Rats, lice, and history
Hans Zinsser: Presented by Ann Ming Samborski
The Argument 
Zinsser argues that:
“…infectious diseases are not static conditions, but depend upon a constantly changing ...
A Biography: Typhus
Conception took place when the first Rickettsiæ bacteria became parasitic on insects  
Gestation occur...
A Biography: Typhus (Continued)
The onset is unpredictable
First symptoms resemble a severe case of influenza 
A severe fe...
Rats…
Capable of fighting alone and in organized groups
Incredibly flexible to their environments (i.e. seasonal or climat...
Rats… (Continued)
Fear of rats prior to the time where their tendency to carry disease was known
Ancient Palestinian Jews ...
Lice…
Mallophaga (biting) lice
Animalcules (parasitic) lice [our main focus]
Anoplura (sucking) lice
As long as lice conti...
History!
More lethal than guns, cannons, and bayonets 
Typhus is the companion of war and revolution
Increased the destruc...
History… The Specifics! (Continued)
Typhus epidemics played a vital role in political decisions
30 Year’s War, Peloponnesi...
In short, 
“Typhus is not dead. It will live on for centuries, and it will continue to break into the open whenever human ...


  1. 1. Rats, lice, and history Hans Zinsser: Presented by Ann Ming Samborski
  2. 2. The Argument Zinsser argues that: “…infectious diseases are not static conditions, but depend upon a constantly changing relationship between parasite and invaded species” (Zinsser 88). The Evidence? Typhus
  3. 3. A Biography: Typhus Conception took place when the first Rickettsiæ bacteria became parasitic on insects Gestation occurred over the lengthy period of time it took for the bacteria to adapt from insect to animal and then from the insect to be passed on to man Birth is conjectured to have origin in the East but is seen for the first time in the 15th century in Europe Two varieties: Murine (rat-flea-human) and Classical (human)
  4. 4. A Biography: Typhus (Continued) The onset is unpredictable First symptoms resemble a severe case of influenza A severe fever Chills, depression, fatigue, head pain, delirium and muscle aches 4th or 5th day the rash erupts on the trunk region, fading from purple to brown as the days go on Without rash, diagnosis is uncertain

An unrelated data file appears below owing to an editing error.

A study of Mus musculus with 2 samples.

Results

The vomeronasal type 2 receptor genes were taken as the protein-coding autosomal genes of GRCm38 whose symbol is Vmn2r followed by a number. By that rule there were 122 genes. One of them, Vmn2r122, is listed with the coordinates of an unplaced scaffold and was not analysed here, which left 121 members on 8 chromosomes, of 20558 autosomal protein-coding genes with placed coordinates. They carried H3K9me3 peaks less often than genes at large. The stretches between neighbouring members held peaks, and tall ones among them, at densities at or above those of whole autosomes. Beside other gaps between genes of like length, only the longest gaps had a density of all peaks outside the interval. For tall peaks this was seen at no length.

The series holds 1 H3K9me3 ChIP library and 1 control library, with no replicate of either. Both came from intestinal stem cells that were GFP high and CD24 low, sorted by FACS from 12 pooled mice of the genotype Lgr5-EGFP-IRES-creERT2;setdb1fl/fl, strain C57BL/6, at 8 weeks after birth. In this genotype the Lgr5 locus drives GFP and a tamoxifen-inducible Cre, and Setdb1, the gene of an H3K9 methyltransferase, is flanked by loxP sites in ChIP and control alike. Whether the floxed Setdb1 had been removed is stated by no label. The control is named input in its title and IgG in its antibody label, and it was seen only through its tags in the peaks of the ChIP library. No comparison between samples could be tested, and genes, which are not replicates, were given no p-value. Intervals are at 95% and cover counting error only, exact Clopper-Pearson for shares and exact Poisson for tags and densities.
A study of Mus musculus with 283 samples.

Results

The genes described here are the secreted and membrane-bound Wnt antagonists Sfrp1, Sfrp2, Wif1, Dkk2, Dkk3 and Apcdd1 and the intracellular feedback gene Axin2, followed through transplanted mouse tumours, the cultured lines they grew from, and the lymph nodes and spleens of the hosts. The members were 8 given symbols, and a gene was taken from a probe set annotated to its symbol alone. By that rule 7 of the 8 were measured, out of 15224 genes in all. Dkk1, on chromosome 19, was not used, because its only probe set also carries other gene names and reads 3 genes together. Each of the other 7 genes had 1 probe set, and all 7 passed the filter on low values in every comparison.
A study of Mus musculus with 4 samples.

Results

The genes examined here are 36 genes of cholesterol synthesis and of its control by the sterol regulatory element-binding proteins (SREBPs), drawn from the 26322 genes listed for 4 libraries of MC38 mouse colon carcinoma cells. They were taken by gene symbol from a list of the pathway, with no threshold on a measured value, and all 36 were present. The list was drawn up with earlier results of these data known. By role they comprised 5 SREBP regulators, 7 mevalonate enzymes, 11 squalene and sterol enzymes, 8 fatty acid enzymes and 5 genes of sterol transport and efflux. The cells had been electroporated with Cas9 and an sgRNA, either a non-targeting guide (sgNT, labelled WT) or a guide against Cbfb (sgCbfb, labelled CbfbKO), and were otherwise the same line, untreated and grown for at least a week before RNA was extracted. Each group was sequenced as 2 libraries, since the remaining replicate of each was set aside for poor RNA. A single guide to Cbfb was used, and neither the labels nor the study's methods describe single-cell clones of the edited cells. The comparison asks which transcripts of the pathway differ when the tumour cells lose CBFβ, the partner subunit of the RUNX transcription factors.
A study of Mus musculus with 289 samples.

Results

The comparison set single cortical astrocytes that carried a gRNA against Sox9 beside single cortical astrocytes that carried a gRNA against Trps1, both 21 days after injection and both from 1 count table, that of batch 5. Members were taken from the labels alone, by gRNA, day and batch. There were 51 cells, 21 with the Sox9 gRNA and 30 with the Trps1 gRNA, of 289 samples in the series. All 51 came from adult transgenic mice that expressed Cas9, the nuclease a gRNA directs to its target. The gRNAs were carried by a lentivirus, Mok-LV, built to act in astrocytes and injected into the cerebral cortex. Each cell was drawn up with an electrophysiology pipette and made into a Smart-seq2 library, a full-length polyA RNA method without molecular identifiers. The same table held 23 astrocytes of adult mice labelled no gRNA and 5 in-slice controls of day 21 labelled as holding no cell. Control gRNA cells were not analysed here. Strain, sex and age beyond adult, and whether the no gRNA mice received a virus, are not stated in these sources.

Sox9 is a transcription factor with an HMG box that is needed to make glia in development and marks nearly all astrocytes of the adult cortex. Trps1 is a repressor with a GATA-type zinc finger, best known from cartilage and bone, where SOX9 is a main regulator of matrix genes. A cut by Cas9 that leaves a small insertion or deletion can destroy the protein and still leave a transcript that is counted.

5. 5. Rats… Capable of fighting alone and in organized groups Incredibly flexible to their environments (i.e. seasonal or climate) Vicious creature: destroys just about anything… literally Carries the diseases of both man and animal Transmitted Typhus by creating a habitat for polyplax (louse) or Xenopsylla (flea) In the time that rats reigned, so too did the worst epidemics
  6. 6. Rats… (Continued) Fear of rats prior to the time where their tendency to carry disease was known Ancient Palestinian Jews believed that rats were unclean and not suitable for human consumption Worshipers of Zoroaster despised water rats… to kill a rat was a service to god Apollo Smintheus, protector against disease, was also the killer of mice Saint Gertrude protected against plague and mice During The Plague, much European folklore mentions cats and dogs… the enemies of rats and mice
  7. 7. Lice… Mallophaga (biting) lice Animalcules (parasitic) lice [our main focus] Anoplura (sucking) lice As long as lice continue to thrive, epidemics remain possible Live on humans, rodents, clothing, animals…
  8. 8. History! More lethal than guns, cannons, and bayonets Typhus is the companion of war and revolution Increased the destruction of famine and flood Became entirely widespread: oceans, lands, etc…
  9. 9. History… The Specifics! (Continued) Typhus epidemics played a vital role in political decisions 30 Year’s War, Peloponnesian Wars, Fall of Rome, Maximilian II’s conquests of Hungary, Naples Imperial Army besieged by the French under Lautrec, Turks, Hungarians, Germans, 7 Year’s War, French Revolution, Napoleonic campaigns, Siege of Prague 1798: Typhus fades due to contained, shortened wars, better military medical care as well as railroads 1919: LOTS OF WARS… Typhus inevitably awoke (in Serbia)
  10. 10. In short, “Typhus is not dead. It will live on for centuries, and it will continue to break into the open whenever human stupidity and brutality gives it a chance, as most likely they occasionally will. But its freedom of action is being restricted, and more and more it will be confined, like other savage creatures, in the zoological gardens of controlled diseases” (Zinsser 301).